Online sellers could face higher shipping costs as a result of today’s ruling by the Postal Regulatory Commission (PRC), which ruled that the USPS must attribute a greater percentage of its “institutional costs” to Competitive products, which include Priority Mail, Priority Mail Express, and First-Class Package Service.
The current requirement for Competitive products is 5.5 percent of USPS institutional costs. For Fiscal Year 2019, the appropriate share is 8.8 percent. And under today’s ruling, the appropriate share will be updated annually, leaving the door open to higher costs for Competitive products each year.
The USPS warned that setting the minimum contribution level too high could force it to raise prices artificially in order to meet the new requirement – “a result that would harm the Postal Service, its customers, and American consumers,” it wrote in its April filing with the PRC.
The ruling could have a broader impact on shippers: if the USPS was forced to continually raise shipping rates artificially, UPS and FedEx might feel emboldened to raise their rates higher than if they faced more competitive rates from USPS.
Amazon also believes raising the attributable costs could result in higher costs for shippers and believes it could have serious repercussions not only for shippers, but for the Postal Service itself. In its April filing with the PRC, it warned of the possibility “that the Postal Service’s private competitors will succeed in their attempts to suppress price competition by obtaining an increase in the “floor” for the share of institutional costs to be borne by the Postal Service’s competitive products.”
It said if the floor is set too high, “the Postal Service would be forced to increase its prices.” And if the Postal Service were required to set prices at an arbitrary price floor that results in supracompetitive pricing, USPS competitors could accelerate their own price increases to raise their profits.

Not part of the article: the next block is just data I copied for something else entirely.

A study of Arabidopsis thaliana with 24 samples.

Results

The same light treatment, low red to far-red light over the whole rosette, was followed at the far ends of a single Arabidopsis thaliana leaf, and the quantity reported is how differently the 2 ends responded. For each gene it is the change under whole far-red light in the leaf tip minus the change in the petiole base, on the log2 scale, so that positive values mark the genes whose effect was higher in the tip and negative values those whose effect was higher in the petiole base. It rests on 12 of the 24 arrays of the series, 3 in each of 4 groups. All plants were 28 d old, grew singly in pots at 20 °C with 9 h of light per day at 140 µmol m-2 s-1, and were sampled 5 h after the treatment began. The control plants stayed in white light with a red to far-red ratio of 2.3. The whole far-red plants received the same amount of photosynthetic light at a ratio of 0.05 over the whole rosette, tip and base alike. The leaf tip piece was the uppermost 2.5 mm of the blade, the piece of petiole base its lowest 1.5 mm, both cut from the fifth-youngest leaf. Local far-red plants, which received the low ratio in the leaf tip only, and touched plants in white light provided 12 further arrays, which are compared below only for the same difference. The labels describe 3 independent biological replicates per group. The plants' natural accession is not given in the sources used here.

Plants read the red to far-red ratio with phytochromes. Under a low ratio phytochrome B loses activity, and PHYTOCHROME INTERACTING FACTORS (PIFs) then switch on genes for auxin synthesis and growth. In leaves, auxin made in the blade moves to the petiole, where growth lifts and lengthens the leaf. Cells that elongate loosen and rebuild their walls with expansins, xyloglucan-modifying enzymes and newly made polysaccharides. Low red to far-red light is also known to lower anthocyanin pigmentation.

Alternatively, competitors could hold down their own prices, causing “a devastating loss of volume and contribution that would impair the Postal Service’s operations and potentially its ability to remain viable (or some combination of both).”
“Private competitors would gain and the public would lose,” Amazon warned.
UPS disagreed. In its September filing with the PRC, UPS said the Postal Service “has a natural incentive to load up its market-dominant products with its common costs – including those that are mainly associated with competitive products.”
UPS said the practice distorts competition and gives the Postal Service an artificial cost advantage over the private sector. “Private firms, like UPS, do not have a set of captive monopoly customers upon whom they can thrust common costs. Private firms must recover all of their own common costs through the products they sell in competitive markets.”
Market Dominant vs. Competitive Products
Market dominant products are those products over which the Postal Service exercises sufficient market power to effectively set prices substantially above costs, raise prices significantly, decrease quality, or decrease output, without risk of losing a significant level of business to other firms offering similar products.
Competitive products consist of all other Postal Service products, including Priority Mail, Priority Mail Express, and First-Class Package Service (FCPS).
Attributable vs Institutional Costs
Attributable costs are costs that are assigned to specific products on the basis of reliably identified causal relationships.
Institutional costs are residual costs that cannot be specifically attributed to either market dominant or competitive products through reliably identified causal relationships. (Examples of institutional costs include the Postmaster General’s salary and building project expenses.)